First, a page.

The Hungarian government implemented tough new immigration laws Tuesday as it seeks to stem the flow of refugees and other people crossing the country’s border with Serbia: the outer frontier of the European Union’s borderless Schengen zone.
The new laws came into effect at midnight local time (6 p.m. Monday ET), the BBC reported.
The implementation of laws follows the completion of a new razor wire fence along the country's border with Serbia on Monday. As of Tuesday, Hungarian authorities were authorized to arrest and charge anybody who attempts to breach the now-closed frontier.
By Tuesday afternoon, Hungarian officials said 60 people — 45 at the border and 15 deeper in the country — had been detained under the new legislation, and that they planned to charge them, AP reported.
Refugees and other people who have made the long journey from conflict zones such as Syria are now confronted with miles of fence at the EU's outer frontier, and overnight Hungarian police sealed a popular railway crossing that the refugees had been using.
On Tuesday afternoon, Hungary's Foreign Minister Peter Szijjarto told reporters that the country would start work on a new fence "should migration pressure shift in the direction of Romania," Reuters reported.
People wanting to cross the border with Serbia were told by Hungarian authorities that they will have to head to an official transit center and apply for asylum early Tuesday, NBC News reported.
However, those who do apply for asylum face the risk of expulsion back to Serbia — which is not in the EU, and has been deemed a "safe" country under the new Hungarian rules — within eight days.
Despite this, Aleksandar Vulin, the Serbian minister responsible for the country's policy on migrants, told the Tanjug state news agency that Serbia would not accept any refugees or migrants turned back from Hungary. "They are on Hungarian territory and I expect the Hungarian state to behave accordingly towards them," he said, according to Reuters.
Vulin later insisted that the border would have to be reopened because of the build-up on the Serbian side, ITV News reported.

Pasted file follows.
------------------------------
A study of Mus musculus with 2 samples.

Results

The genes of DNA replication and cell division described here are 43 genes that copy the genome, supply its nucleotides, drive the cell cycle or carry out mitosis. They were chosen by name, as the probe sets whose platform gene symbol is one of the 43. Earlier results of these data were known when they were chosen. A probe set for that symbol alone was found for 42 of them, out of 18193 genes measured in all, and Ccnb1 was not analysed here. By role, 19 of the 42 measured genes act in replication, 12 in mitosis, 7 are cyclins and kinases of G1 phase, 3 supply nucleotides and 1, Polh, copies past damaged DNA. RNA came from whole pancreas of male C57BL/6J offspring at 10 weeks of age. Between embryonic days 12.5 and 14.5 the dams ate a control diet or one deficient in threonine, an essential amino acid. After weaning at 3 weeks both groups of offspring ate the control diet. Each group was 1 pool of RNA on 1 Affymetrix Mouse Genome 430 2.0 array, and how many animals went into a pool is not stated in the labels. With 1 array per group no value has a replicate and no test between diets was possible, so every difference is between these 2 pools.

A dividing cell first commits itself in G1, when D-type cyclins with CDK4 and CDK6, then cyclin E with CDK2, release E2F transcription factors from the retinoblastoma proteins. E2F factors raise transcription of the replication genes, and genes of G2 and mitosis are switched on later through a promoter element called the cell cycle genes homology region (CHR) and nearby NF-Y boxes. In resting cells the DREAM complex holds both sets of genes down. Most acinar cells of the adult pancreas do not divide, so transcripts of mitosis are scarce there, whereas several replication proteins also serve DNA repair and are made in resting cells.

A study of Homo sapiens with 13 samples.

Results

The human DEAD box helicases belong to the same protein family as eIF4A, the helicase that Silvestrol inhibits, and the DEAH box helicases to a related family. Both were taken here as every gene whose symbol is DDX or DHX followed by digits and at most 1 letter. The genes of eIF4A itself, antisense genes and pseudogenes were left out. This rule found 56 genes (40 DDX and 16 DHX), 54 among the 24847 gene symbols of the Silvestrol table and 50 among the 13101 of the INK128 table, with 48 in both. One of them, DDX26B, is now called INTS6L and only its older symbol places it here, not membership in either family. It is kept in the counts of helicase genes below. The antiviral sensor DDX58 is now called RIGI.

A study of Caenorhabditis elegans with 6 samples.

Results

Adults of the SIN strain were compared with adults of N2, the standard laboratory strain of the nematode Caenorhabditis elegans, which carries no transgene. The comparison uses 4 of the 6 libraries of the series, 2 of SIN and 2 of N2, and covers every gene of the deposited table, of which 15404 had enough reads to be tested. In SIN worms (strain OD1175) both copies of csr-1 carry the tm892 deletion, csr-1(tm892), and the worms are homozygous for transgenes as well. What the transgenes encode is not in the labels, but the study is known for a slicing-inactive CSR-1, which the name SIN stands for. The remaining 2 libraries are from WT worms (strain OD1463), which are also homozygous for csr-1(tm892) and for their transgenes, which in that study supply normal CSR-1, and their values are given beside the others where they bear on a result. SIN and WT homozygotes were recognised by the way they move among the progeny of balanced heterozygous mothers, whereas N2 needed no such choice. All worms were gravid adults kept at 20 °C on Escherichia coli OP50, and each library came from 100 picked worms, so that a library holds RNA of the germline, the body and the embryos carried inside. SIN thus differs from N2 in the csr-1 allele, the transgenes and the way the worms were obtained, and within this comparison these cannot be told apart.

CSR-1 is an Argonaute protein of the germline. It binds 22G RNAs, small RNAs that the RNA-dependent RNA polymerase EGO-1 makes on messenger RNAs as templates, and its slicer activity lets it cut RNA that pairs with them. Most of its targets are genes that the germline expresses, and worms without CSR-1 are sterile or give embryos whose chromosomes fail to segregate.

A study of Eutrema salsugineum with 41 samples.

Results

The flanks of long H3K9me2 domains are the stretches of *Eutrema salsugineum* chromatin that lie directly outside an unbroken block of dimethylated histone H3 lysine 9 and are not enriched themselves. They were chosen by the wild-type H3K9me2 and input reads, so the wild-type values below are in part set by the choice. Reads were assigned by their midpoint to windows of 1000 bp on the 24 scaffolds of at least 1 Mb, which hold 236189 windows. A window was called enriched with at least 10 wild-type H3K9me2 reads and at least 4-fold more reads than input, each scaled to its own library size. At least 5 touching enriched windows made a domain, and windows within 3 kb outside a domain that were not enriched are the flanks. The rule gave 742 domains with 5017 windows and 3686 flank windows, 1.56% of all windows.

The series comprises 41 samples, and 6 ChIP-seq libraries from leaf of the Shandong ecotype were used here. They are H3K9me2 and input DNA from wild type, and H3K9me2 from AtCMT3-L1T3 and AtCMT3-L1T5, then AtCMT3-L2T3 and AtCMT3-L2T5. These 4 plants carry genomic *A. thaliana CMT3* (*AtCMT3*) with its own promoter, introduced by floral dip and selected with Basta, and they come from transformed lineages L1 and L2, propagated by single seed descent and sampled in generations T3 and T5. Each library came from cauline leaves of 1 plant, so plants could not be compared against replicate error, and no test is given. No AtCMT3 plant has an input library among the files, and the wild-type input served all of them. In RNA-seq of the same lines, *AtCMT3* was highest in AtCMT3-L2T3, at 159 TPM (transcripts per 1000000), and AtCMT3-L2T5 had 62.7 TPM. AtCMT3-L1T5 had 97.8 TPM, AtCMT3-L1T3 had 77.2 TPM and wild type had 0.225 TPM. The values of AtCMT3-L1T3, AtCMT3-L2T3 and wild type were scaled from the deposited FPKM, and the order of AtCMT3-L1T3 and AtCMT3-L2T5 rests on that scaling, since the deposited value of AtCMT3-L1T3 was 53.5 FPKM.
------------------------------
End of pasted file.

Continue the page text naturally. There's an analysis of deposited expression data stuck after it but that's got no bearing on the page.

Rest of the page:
"I don't know what I will do," Riad, a 40-year-old refugee from Aleppo, Syria, told Reuters. "I will wait to see. We have lost everything to reach this point."
Authorities made the announcement to refugees and migrants gathered at the Horgos II border station — one of the few crossing points that remained open — through an Arabic translator at midnight. Just hours earlier, authorities had been letting people cross a few at a time.
Some at the crossing had already walked a mile from the crossing at the village of Roszke, which had already been shut by police in riot gear, according to NBC News.
Refugees were allowed to line up at the border crossing's customs area, where they were loaded onto buses and driven to trains waiting to take them to Austria, Sky News reported.
Overnight, hundreds of people were left to sleep outside on the Serbian side of the border and were given food, water, and tents by aid workers, Reuters said. Long queues formed at the metal containers where refugees and migrants are expected to register, though reporters only saw a few people entering.
On Tuesday afternoon, a number of refugees gathered at the crossing at Roszke went on hunger strike, demanding Hungary open the border, according to several reporters at the scene.
The Hungarian government has faced widespread criticism throughout the rest of Europe for the measures it is taking to deal with the crisis. However, Budapest insists it has a right to secure its borders.
Speaking to media at the border early Tuesday morning, government spokesman Zoltan Kovacs said:
As of midnight we are going to have a new set of rules here in Hungary, concerning the natural borders of the country. We are going to close the natural borders to stop illegal border crossings.
That also means that the official and legal ways to come to Hungary, and therefore to the European Union, remain open. We have witnessed an all-time peak in terms of refugee crossings. The real number is going to be close to 10,000, in just one day.
Hungary also declared a state of emergency in two southern counties as a result of the crisis, Kovacs said Tuesday. This would allow Hungary to send the military to support police at the border.
Speaking Monday, the country's nationalist Prime Minister Viktor Orban said his government had taken the measures to defend "our culture, our way of life and our sovereignty."
"Hungary is a country with a 1,000-year-old Christian culture," he added. "We Hungarians don't want the global-sized movement of people to change Hungary."